Tuesday, February 15, 2005
News executives like Jordan, Sambrook, and senior figures from Reuters have spoken about their concerns for some time, and leading British journalists, like Robert Fisk of The Independent and Janine di Giovanni of The Times, have written of the pattern of violence against journalists which they’ve witnessed. While news executives may know of incidents which are not part of the public record, they also tend to cautiously cite only those which are well documented by the press freedom groups, and this may ignore other incidents which those groups have avoided discussing.
For example, the killing of two journalists by a U.S. tank crew as they took pictures from their Baghdad hotel in 2003 was thoroughly described by veteran journalists — dozens of whom were present — and was the subject of a public battle waged by Reuters to hold the military to account. As with every other incident involving journalists, the U.S. military exonerated itself. But the presence of the world’s media in the hotel was well known to military commanders, leading to the suspicion that the killing wasn’t accidental.
But another possible murder of journalists was reported in the British press, though it — perhaps for lack of corroboration — has inspired less outrage. At the outset of the invasion, journalists were warned by the U.S. military not to operate independently in Iraq, and one British TV reporter, with his crew, died attempting to do so. The Mirror newspaper in the U.K. reported that witnesses watched a U.S. military helicopter kill the journalists. Other journalists attempting to operate independently in Iraq were detained by U.S. troops, and, in the early days of the invasion, U.S. forces threatened — according to a senior British reporter — to launch missiles against media organizations transmitting pictures out of Baghdad. U.S. missiles had already killed more than a dozen reporters in Afghanistan (where Al-Jazeera, Radio Kabul, and the BBC were attacked in 2001) and Serbia (where Serbian TV, along with CNN facilities, were attacked in 1999).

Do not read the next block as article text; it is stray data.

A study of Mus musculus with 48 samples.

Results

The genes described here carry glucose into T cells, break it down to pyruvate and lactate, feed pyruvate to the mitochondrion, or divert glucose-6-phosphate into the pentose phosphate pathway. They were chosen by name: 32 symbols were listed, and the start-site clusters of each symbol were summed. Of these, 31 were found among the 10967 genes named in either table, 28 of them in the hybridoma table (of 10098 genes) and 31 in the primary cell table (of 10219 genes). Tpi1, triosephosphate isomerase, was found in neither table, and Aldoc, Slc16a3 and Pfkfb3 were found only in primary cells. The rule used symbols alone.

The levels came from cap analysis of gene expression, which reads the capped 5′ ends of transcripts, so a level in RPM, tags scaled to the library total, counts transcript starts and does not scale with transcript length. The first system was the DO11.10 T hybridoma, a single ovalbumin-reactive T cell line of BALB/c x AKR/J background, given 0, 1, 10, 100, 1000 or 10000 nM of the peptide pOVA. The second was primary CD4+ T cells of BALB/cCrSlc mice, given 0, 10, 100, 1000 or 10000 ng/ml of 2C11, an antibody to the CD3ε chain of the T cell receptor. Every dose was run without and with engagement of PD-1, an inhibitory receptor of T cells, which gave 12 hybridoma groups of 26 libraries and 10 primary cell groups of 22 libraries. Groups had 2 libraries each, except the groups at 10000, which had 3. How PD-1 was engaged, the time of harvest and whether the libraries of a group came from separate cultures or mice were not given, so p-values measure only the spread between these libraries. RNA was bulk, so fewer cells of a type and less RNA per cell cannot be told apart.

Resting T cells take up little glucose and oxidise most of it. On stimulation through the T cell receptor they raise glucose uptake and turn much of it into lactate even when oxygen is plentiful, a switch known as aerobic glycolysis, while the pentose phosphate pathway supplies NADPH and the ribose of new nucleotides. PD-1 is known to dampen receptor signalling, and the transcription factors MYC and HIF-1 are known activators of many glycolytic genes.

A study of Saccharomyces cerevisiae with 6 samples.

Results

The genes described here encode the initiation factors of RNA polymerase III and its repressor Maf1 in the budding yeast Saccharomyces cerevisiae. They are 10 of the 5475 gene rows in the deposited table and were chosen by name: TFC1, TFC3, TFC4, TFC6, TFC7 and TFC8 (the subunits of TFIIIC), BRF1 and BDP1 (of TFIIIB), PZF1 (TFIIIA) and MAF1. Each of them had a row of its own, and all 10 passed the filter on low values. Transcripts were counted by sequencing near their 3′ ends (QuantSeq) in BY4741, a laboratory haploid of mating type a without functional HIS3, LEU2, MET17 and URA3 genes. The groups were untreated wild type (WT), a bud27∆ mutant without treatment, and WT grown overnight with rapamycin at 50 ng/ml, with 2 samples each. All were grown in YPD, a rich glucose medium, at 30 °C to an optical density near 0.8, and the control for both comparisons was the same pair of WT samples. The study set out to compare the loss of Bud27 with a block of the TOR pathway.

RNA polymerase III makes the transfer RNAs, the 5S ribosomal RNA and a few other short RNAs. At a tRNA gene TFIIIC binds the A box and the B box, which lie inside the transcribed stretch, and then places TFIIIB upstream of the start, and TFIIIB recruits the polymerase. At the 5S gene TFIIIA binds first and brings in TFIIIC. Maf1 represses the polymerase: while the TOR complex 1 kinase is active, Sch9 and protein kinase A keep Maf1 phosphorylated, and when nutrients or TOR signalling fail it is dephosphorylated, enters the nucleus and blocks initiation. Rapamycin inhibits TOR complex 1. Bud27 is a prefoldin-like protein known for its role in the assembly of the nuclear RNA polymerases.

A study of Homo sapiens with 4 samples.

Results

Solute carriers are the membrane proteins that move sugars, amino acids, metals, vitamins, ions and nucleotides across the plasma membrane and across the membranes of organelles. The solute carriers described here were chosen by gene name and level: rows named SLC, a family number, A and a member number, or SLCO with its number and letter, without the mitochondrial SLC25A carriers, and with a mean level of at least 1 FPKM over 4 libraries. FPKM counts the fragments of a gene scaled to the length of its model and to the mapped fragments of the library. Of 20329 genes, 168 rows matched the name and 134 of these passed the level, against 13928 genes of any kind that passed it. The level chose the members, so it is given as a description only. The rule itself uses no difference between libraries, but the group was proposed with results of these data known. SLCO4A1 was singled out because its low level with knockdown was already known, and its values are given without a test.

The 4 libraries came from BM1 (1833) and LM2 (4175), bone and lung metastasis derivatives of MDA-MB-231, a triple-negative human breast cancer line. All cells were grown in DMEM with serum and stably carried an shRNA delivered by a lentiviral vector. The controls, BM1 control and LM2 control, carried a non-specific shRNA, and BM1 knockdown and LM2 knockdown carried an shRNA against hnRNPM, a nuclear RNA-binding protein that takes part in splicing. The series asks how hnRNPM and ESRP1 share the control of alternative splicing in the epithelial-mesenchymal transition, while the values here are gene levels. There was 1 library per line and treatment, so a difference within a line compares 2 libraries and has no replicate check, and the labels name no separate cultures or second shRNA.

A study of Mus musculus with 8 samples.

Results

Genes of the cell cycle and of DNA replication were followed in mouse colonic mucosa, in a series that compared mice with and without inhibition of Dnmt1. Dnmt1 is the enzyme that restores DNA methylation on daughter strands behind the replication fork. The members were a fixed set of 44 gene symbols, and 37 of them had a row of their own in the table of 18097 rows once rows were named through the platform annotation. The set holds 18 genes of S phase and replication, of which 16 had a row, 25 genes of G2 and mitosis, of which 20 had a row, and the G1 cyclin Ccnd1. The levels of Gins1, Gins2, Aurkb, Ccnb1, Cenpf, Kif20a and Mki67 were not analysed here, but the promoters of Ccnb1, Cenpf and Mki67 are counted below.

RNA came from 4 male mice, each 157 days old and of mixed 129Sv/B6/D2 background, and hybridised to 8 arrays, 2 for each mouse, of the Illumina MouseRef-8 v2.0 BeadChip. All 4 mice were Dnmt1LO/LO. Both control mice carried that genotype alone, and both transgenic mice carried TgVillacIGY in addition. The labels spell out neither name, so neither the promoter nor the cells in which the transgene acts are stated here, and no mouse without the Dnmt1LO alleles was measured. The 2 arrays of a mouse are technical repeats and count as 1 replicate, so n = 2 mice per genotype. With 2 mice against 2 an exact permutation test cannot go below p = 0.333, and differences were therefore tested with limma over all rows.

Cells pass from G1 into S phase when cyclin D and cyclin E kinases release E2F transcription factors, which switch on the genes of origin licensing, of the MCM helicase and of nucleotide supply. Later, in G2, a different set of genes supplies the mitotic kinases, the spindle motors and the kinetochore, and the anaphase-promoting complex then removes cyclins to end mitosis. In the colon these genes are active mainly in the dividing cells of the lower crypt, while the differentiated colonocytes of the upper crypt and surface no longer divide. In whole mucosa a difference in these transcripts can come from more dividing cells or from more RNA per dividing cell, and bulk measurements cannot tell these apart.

Both the Arab television media and the international news agencies have borne the brunt of the violence. CPJ and the other journalists’ organizations record a large number of lethal and non-lethal attacks by U.S. troops on Arab journalists. A senior Al-Jazeera correspondent was arrested, released, and re-arrested in Spain without clear charges, and an Al-Jazeera cameraman has been detained in Guantanamo Bay for four years. In Iraq, two Iranian journalists were detained for four months without charge. Two Al-Jazeera employees reported that they were tortured by U.S. troops last year, and the Associated Press reported that an Arab cameraman working for a European broadcaster said, after being attacked by U.S. troops, “They checked our identity badges and then let us go, saying they thought we were with Al-Jazeera. ...” Several Al-Jazeera and Al-Arabiya journalists have been killed by U.S. forces in well-documented incidents. Robert Fisk wrote with alarm about an attack by U.S. troops which he witnessed on a clearly marked press vehicle, again, driven by Arab journalists.